NASA Launches NOAA Weather Satellite Aboard United Launch Alliance Rocket to Improve Forecasts3 min read

NASA has successfully launched for the National Oceanic and Atmospheric Administration (NOAA) the first in a series of four highly advanced polar-orbiting satellites, equipped with next-generation technology and designed to improve the accuracy of U.S. weather forecasts out to seven days.

At Vandenberg Air Force Base’s Space Launch Complex 2, the Delta II rocket engines roar to life. The 1:47 a.m. PST (4:47 a.m. EST), liftoff begins the Joint Polar Satellite System-1, or JPSS-1, mission. JPSS is the first in a series four next-generation environmental satellites in a collaborative program between NOAA and NASA.
Credits: NASA

The Joint Polar Satellite System-1 (JPSS-1) lifted off on a United Launch Alliance Delta II rocket from Vandenberg Air Force Base, California, at 1:47 a.m. PST Saturday.

Approximately 63 minutes after launch the solar arrays on JPSS-1 deployed and the spacecraft was operating on its own power. JPSS-1 will be renamed NOAA-20 when it reaches its final orbit. Following a three-month checkout and validation of its five advanced instruments, the satellite will become operational.

“Launching JPSS-1 underscores NOAA’s commitment to putting the best possible satellites into orbit, giving our forecasters — and the public — greater confidence in weather forecasts up to seven days in advance, including the potential for severe, or impactful weather,” said Stephen Volz, director of NOAA’s Satellite and Information Service.

JPSS-1 will join the joint NOAA/NASA Suomi National Polar-orbiting Partnership satellite in the same orbit and provide meteorologists with observations of atmospheric temperature and moisture, clouds, sea-surface temperature, ocean color, sea ice cover, volcanic ash, and fire detection. The data will improve weather forecasting, such as predicting a hurricane’s track, and will help agencies involved with post-storm recovery by visualizing storm damage and the geographic extent of power outages.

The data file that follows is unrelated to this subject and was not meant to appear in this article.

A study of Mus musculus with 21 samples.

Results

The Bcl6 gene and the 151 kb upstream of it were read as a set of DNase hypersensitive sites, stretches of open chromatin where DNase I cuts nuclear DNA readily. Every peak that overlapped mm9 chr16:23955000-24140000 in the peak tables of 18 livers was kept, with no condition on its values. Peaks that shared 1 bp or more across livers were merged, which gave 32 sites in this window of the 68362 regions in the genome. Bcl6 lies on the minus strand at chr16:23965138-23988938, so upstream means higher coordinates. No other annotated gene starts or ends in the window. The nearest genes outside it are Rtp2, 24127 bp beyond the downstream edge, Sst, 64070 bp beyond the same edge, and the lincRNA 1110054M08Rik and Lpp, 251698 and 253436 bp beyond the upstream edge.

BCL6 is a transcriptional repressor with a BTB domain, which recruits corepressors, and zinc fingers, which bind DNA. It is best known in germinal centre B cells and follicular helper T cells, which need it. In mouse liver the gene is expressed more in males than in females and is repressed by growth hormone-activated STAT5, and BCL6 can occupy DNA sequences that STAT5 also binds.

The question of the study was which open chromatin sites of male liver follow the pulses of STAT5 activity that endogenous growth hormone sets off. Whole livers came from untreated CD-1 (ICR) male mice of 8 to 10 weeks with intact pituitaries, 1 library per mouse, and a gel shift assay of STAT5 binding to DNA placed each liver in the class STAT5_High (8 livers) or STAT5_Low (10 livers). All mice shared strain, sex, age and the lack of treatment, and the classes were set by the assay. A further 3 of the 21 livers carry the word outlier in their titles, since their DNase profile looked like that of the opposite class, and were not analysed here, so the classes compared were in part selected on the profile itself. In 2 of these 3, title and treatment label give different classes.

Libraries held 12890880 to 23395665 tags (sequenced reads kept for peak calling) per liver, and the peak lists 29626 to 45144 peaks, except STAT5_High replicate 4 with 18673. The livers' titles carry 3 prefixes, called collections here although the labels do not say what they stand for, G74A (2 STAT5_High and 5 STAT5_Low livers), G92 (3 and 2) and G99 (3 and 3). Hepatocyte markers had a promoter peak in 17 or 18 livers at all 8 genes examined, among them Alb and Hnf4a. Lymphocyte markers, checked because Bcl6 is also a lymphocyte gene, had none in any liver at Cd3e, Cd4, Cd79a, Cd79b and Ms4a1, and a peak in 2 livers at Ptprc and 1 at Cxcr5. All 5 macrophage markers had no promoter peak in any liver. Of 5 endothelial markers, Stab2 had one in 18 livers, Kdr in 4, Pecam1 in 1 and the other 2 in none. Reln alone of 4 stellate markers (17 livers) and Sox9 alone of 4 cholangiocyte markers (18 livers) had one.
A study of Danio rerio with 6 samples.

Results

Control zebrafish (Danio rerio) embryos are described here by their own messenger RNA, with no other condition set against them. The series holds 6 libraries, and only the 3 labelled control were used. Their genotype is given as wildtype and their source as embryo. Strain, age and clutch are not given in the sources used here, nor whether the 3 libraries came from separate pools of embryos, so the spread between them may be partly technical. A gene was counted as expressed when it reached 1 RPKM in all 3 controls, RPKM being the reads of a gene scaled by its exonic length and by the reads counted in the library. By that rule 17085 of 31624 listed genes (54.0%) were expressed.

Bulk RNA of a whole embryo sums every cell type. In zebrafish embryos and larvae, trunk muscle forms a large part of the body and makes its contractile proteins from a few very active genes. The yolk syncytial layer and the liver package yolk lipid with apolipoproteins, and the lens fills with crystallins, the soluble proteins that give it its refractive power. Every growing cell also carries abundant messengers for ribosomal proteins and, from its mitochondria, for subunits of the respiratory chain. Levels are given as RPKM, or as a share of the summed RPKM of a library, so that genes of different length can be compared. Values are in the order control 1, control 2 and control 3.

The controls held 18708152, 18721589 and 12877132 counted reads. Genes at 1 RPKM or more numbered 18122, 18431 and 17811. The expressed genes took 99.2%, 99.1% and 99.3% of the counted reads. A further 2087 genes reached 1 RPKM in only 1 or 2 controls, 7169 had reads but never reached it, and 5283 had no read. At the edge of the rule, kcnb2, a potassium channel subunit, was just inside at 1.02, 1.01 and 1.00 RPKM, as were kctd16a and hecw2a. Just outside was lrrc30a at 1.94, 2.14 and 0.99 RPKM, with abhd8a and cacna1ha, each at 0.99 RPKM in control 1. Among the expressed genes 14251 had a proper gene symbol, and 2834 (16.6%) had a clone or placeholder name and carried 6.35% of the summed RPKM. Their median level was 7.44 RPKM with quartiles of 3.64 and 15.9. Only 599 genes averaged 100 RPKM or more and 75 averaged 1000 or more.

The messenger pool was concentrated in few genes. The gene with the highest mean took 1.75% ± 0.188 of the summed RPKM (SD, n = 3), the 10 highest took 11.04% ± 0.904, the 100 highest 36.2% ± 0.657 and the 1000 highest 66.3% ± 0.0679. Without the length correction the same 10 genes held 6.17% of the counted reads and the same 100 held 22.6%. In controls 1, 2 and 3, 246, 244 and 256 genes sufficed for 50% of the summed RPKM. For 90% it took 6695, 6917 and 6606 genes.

“Emergency managers increasingly rely on our forecasts to make critical decisions and take appropriate action before a storm hits,” said Louis W. Uccellini, director of NOAA’s National Weather Service. “Polar satellite observations not only help us monitor and collect information about current weather systems, but they provide data to feed into our weather forecast models.”

JPSS-1 has five instruments, each of which is significantly upgraded from the instruments on NOAA’s previous polar-orbiting satellites. The more-detailed observations from JPSS will allow forecasters to make more accurate predictions. JPSS-1 data will also improve recognition of climate patterns that influence the weather, such as El Nino and La Nina.

The JPSS program is a partnership between NOAA and NASA through which they will oversee the development, launch, testing and operation all the satellites in the series. NOAA funds and manages the program, operations and data products. NASA develops and builds the instruments, spacecraft and ground system and launches the satellites for NOAA. JPSS-1 launch management was provided by NASA’s Launch Services Program based at the agency’s Kennedy Space Center in Florida.


Ball Aerospace designed and built the JPSS-1 satellite bus and Ozone Mapping and Profiler Suite instrument, integrated all five of the spacecraft’s instruments and performed satellite-level testing and launch support. Raytheon Corporation built the Visible Infrared Imaging Radiometer Suite and the Common Ground System. Harris Corporation built the Cross-track Infrared Sounder. Northrop Grumman Aerospace Systems built the Advanced Technology Microwave Sounder and the Clouds and the Earth’s Radiant Energy System instrument.